The Paris-Srinagar has a caramel filling, encased in light choux pastry, topped with dark chocolate cream, finished off with a delicate chocolate stem.
“It is my journey between Paris and Srinagar, my take on the eclair,” said Saqib Mir, the fresh-faced 35-year-old owner of Le Délice. He is not happy with that day’s Srinagar-Paris, though – the peaks of cream were not sharp enough, it had not landed on the pastry at the right temperature. “Pastry is like chemistry,” he explained, you had to be precise.
The chamber behind his shop has mysterious machinery and steel counters where uniformed bakers are hard at work. It is not called a kitchen but a laboratory, where recipes are tried out. “We got the perfect results for the layers,” said Mir, talking about a recent experiment with mille feuille, that notoriously difficult French confection. But they were yet to go public with it.
What they do offer is the almond delice, a small tea cake with a chocolate filling. Not to mention a very competent “opera”, a kind of coffee and chocolate pastry. The lemon meringue tart is just the right amount of cream laced with that acid tang. The Saint Honoré is extravagant. Besides, croissants and baguettes are usually heaped in baskets, cookies are piled in jars and, occasionally, multicoloured macarons will make an appearance. During apricot season in June, there are apricot tarts. When there are plums, there is plum flan.
If pastry is chemistry at Le Délice, it is also part whimsy. “When I go to sleep I think something, I try to imagine how different tastes would go together and I start to dream about a cake,” said Mir.
Love of baking
Le Délice is, quite naturally, on the boulevard. Except this is Boulevard Road, curving around the Dal Lake in Srinagar. Across the road, there are shikaras and houseboats. The Zabarwan Hills rise up behind the shop. It’s hard to believe here that Srinagar is a place touched by conflict.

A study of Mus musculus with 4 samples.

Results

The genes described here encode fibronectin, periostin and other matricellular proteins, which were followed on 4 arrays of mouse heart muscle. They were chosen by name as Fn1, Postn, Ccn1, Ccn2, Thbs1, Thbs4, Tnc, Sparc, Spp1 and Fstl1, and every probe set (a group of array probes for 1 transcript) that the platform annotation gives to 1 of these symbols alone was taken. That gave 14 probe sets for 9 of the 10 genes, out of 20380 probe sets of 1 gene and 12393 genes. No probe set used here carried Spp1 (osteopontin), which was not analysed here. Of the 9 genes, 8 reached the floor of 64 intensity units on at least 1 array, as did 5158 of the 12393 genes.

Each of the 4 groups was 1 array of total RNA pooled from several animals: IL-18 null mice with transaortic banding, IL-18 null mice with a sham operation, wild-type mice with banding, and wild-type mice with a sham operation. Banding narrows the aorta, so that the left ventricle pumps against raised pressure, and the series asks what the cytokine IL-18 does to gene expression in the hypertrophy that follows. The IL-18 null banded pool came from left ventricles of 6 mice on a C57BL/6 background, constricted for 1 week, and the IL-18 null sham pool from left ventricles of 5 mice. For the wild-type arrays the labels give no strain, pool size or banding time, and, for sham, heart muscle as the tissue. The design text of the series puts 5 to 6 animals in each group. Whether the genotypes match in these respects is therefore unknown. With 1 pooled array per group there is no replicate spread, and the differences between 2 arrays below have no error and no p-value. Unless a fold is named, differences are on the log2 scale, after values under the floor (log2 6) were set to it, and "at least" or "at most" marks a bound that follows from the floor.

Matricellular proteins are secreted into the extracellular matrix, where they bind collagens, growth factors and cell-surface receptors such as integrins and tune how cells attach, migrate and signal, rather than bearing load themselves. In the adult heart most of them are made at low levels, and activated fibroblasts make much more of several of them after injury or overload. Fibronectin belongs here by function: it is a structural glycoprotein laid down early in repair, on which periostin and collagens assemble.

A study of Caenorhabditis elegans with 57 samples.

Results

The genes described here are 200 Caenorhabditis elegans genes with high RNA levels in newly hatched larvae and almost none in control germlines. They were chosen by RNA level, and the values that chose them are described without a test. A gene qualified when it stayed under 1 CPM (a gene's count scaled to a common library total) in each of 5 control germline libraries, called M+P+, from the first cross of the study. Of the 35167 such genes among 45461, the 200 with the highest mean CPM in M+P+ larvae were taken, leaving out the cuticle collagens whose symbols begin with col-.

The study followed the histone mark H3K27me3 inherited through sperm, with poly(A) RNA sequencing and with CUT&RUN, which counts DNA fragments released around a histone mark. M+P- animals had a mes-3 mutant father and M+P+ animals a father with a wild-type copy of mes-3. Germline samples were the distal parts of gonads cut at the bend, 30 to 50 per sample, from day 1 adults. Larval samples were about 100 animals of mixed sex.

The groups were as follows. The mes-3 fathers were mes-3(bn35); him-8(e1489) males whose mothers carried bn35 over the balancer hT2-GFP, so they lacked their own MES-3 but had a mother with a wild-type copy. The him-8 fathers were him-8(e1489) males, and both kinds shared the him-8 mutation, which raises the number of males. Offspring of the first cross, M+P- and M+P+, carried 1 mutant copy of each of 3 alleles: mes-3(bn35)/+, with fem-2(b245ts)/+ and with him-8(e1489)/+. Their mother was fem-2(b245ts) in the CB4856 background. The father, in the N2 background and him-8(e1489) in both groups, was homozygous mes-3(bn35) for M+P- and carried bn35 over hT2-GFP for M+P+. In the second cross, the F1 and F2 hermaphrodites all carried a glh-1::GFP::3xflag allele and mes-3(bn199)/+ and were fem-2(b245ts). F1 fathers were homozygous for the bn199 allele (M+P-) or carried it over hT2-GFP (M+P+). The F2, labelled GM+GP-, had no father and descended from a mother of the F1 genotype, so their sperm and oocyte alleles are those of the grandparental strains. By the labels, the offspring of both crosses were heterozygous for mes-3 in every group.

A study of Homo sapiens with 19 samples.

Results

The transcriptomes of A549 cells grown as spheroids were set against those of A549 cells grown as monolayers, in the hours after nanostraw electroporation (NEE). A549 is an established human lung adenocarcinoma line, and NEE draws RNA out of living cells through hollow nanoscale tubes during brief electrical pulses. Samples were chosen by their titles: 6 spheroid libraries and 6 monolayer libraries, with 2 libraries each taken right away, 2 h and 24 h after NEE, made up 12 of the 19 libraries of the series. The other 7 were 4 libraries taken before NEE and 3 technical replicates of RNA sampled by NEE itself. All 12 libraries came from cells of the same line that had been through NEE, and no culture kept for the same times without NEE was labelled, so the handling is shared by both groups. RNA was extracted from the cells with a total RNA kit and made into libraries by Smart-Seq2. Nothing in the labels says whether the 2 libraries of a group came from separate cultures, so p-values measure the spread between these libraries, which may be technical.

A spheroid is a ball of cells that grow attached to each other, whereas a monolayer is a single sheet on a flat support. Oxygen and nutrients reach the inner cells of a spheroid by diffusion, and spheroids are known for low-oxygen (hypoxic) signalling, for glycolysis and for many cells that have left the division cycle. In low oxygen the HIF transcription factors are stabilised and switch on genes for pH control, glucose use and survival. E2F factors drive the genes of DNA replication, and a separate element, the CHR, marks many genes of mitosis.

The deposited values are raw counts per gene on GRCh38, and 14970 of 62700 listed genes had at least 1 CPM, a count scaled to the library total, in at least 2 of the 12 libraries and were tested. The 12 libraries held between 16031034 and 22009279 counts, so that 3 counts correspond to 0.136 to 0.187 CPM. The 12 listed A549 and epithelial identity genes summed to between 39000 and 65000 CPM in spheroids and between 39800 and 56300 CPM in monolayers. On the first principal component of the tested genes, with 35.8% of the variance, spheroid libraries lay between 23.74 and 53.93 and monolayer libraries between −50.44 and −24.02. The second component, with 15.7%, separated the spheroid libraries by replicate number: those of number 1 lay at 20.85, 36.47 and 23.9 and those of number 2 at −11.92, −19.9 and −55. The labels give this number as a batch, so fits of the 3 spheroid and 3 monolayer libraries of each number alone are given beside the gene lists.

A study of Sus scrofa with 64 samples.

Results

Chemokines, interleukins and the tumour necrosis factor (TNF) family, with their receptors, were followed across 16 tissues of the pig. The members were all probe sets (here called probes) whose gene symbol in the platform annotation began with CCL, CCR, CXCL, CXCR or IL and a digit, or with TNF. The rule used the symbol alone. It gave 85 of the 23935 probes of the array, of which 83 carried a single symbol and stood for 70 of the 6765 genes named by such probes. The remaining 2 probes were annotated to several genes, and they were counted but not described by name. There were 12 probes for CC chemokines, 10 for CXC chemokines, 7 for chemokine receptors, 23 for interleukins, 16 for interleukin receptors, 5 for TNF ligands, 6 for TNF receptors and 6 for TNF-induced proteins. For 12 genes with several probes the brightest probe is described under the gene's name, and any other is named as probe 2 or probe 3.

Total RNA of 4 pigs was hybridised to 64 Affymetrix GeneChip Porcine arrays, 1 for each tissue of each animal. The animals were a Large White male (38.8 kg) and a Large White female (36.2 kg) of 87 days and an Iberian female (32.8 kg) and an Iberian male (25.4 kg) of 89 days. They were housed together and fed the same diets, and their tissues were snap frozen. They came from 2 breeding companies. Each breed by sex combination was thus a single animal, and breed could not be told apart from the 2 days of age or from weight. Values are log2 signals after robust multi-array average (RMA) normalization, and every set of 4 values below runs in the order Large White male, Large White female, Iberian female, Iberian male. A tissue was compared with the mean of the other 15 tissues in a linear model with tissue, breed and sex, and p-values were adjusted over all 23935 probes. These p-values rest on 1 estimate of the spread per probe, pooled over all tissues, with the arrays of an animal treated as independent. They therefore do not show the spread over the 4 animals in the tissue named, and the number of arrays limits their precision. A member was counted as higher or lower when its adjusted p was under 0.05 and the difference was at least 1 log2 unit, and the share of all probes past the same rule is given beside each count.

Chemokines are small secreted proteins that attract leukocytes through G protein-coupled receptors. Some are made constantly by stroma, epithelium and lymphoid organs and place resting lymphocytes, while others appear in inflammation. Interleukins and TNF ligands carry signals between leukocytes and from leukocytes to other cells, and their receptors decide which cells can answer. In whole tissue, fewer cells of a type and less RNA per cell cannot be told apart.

Mir, who grew up in the troubled Kashmir of the 1990s, said they did not feel the conflict raging around them in those years either. He lived largely in the charmed circle between Boulevard Road and Burn Hall School in Gupkar, the posh quarters of Srinagar populated by chief ministers and other assorted dignitaries.
“Our life was going to school, coming back home,” he said. “My grandfather would pick us up from school and I would ask him to stop and buy us a cream roll.” Jan Bakery, which still stands at Dal Gate, would have been on the way. Mir also remembers a Golden Bakery, which has since disappeared.
Apart from pastries, Kashmir had its own rich collection of breads, the spiced, fluffy roath, the dry, crumbly kulcha, the golden girda, the lavasa, often dunked in pink noon chai, or salted tea. “I was interested in bakery because it is part of culture in Kashmir, so you are already a bakery lover,” said Mir.
He left home after school and travelled around, initially dealing in handicrafts. On a holiday in South India, Saqib met his wife, Melanie, who is French. He moved to France in the early 2000s, mainly to be with her, he said sheepishly. There, he got a diploma in patisserie and after nearly 14 years, they returned.
“My wife and I always wanted to come back to India,” said Mir. “We were always attracted to Kashmir.” Melanie wanted to run a cafe and he wanted to bake, a happy combination.
Pastry and protest
This time though, their lives would be swept up by the turmoil in Kashmir. They had just set up their cafe when the floods of 2014 hit, washing away the furniture and machinery. Ghostly remains of the furniture still lie in the garden and the rooms at the back of the shop.
Mir and Melanie scaled down their plans and decided to open a small bakery, which required less investment. The chocolate and ingredients not available in Srinagar are parcelled all the way from France. Mir said he now employs 13 people, who work both in the shop and in the lab. “I have not taken a lot of professional bakers,” he said. “For instance, my assistant, Irshad, used to be a labourer before this. To teach them a skill, that was also an idea.”
When the bakery opened in 2015, it did roaring business, both from local customers and tourists. Then protests broke out after Hizbul Mujahideen commander Burhan Wani was killed on July 8, 2016, and the shop was shut for months. “We had to go back to France and start our old life again,” said Mir, who has two young sons. But Kashmir drew them back. For a while, they had considered shifting the business to Delhi, where the children could go to school uninterrupted. But after Srinagar, no place seemed right.
Le Délice opened again on Boulevard Road and business has been picking up this year. Though there are few tourists, a stream of local customers nose their way into the shop. Some have favourites. Others may start with a donut, then ask for that almond tart just out of curiosity, then tell Irshad to throw in a croissant while he was at it, and then that chocolate chip tart, why not.